Wednesday, 22 December 2010
Tuesday, 14 December 2010
Thursday, 9 September 2010
Tuesday, 31 August 2010
Wednesday, 18 August 2010
Friday, 16 July 2010
Madelvic Electric Carriage Company built electric cars in Granton, Edinburgh from 1898 to 1900. The factory cost £33,000 and was way over budget leaving the company financially vulnerable. This was the first purpose built car factory in the UK and is the oldest still surviving.
The carriage carried up to half a ton and could still manage steep hills that left horse drawn carriages struggling. One of the first customers to recognise the value of this was the Post Office who purchased three of the vehicles. It was a traditional Edwardian brougham carriage but built on a tubular steel chassis with wire spoked steel wheels and solid tyres. The batteries sat at the front, presumably under the footplate and the electric motor had a direct drive to the the central wheel.
After liquidation in 1900 several other car companies occupied the the premises building buses, lorries and taxis there until 1925, all with internal combustion engines. The building is not architecturally special, however even in its current neglected and dilapidated state it is still a spectacular factory space. Despite being listed grade B, approval for demolition was granted in January 2010.
Tuesday, 22 June 2010
Thursday, 22 April 2010
Wednesday, 17 March 2010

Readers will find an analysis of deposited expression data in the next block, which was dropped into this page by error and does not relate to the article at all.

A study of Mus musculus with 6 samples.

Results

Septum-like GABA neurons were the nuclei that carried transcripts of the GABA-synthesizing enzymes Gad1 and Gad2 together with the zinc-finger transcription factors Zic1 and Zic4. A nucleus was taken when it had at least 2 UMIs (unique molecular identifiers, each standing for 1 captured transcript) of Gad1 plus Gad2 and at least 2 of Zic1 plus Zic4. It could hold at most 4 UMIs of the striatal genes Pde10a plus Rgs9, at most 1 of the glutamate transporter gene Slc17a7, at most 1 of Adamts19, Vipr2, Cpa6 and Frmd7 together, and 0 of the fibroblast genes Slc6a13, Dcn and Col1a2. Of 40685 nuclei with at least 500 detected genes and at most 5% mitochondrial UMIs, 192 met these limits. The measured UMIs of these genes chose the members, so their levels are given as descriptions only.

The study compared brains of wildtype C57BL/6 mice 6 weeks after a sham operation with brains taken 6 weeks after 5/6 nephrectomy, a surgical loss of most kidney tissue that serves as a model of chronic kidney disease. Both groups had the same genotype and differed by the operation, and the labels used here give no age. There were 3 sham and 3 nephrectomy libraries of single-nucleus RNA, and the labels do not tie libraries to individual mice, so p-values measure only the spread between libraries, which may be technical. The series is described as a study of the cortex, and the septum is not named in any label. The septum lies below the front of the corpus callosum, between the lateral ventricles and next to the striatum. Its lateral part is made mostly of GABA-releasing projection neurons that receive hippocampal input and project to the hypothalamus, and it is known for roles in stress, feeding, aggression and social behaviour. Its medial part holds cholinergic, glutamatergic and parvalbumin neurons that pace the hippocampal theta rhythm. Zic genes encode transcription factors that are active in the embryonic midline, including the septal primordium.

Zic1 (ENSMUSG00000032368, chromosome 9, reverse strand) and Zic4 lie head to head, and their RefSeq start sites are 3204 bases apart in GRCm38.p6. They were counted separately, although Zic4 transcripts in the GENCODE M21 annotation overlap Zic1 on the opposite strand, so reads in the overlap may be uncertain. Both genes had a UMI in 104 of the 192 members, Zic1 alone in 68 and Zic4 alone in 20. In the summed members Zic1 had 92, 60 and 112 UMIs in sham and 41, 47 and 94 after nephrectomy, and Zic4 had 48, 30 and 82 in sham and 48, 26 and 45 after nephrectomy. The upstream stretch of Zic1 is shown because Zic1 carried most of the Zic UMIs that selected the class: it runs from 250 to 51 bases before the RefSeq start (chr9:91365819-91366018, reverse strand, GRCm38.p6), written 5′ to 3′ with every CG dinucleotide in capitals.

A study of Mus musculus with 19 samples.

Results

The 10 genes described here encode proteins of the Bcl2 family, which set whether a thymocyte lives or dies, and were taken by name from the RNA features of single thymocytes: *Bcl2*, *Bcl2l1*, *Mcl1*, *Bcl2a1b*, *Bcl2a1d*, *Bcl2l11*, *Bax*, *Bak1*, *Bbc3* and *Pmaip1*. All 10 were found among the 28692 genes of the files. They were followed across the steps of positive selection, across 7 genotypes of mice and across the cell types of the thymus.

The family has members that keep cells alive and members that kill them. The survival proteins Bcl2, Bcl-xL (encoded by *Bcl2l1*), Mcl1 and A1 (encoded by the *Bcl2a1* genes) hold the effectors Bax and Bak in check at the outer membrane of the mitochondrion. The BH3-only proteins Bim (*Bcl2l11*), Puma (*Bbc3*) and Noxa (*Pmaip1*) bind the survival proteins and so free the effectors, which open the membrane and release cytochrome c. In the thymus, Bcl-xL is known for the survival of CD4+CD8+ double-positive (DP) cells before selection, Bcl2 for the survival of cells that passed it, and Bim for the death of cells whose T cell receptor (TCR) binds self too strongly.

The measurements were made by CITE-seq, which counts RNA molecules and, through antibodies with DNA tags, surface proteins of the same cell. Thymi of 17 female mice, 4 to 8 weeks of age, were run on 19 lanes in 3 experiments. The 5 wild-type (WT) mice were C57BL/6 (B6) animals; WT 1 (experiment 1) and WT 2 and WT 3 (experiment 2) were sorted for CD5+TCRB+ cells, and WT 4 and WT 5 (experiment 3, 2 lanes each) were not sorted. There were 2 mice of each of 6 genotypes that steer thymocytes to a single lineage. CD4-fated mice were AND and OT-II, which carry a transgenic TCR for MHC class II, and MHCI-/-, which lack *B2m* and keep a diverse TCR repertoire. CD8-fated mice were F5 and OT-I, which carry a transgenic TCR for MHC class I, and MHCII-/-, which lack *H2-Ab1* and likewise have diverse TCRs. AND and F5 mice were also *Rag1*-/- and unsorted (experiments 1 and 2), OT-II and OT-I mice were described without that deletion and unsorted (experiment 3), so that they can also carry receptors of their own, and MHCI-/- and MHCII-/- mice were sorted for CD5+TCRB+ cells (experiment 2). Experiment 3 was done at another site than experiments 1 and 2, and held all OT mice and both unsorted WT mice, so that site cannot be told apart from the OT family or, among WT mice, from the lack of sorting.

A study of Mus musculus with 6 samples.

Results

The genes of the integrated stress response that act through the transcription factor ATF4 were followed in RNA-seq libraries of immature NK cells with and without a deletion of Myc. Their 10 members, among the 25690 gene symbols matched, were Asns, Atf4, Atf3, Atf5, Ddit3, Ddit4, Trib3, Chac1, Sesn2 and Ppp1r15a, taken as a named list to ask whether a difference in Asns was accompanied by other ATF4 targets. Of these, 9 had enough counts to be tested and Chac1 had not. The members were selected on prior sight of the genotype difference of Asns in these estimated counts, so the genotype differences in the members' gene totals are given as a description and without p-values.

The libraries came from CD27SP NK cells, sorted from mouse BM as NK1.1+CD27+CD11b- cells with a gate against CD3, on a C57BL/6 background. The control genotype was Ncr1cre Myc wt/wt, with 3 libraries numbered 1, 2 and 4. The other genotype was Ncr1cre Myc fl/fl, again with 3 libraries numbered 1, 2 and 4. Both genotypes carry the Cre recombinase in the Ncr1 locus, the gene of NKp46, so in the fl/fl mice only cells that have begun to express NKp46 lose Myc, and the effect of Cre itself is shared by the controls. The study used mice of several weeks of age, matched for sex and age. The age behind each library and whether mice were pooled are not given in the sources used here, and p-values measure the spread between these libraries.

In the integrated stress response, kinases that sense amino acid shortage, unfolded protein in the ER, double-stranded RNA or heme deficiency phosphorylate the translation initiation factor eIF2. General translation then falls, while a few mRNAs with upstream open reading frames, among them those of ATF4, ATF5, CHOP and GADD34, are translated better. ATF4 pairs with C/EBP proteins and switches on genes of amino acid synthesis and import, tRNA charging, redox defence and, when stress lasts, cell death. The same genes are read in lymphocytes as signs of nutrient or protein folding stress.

New piston for a long stroke engine and a piece of machined aluminium. Please note that workshop cleanliness is not too important when making wooden pistons.
Many years ago a work mate told me a story about a friend of his who, in the fifties had bought a pre war Rolls Royce. This friend of a work mate apparently paid a weeks wage for it, only a few pounds and maybe just £500 in current values. So a great bargain. It ran beautifully, smooth, quiet and was everything you would expect from such a quality car. Having stopped for fuel on the way home however, he couldn't get the car started again and completed the journey behind a tow truck. His local mechanic had a look at it and after stripping down the engine he reported finding a load of wooden pistons. This apparently worked because each induction stroke cools the piston enough to stop them burning. But when stationary the pistons char and disintegrate. Being unable to find replacement pistons the car was eventually scrapped.
Of course I never believed a word of it. But until today I never thought to Google it. There are several similar stories, all referring to a third party experience, much like my own, but no admissions from an 'engineer' with a wood lathe. If anyone has proof, I want to see it.
As pistons for my Montesa 348 are getting scarce I may try a wooden one sometime however, what with it being a piston ported two stroke it might be quite complicated.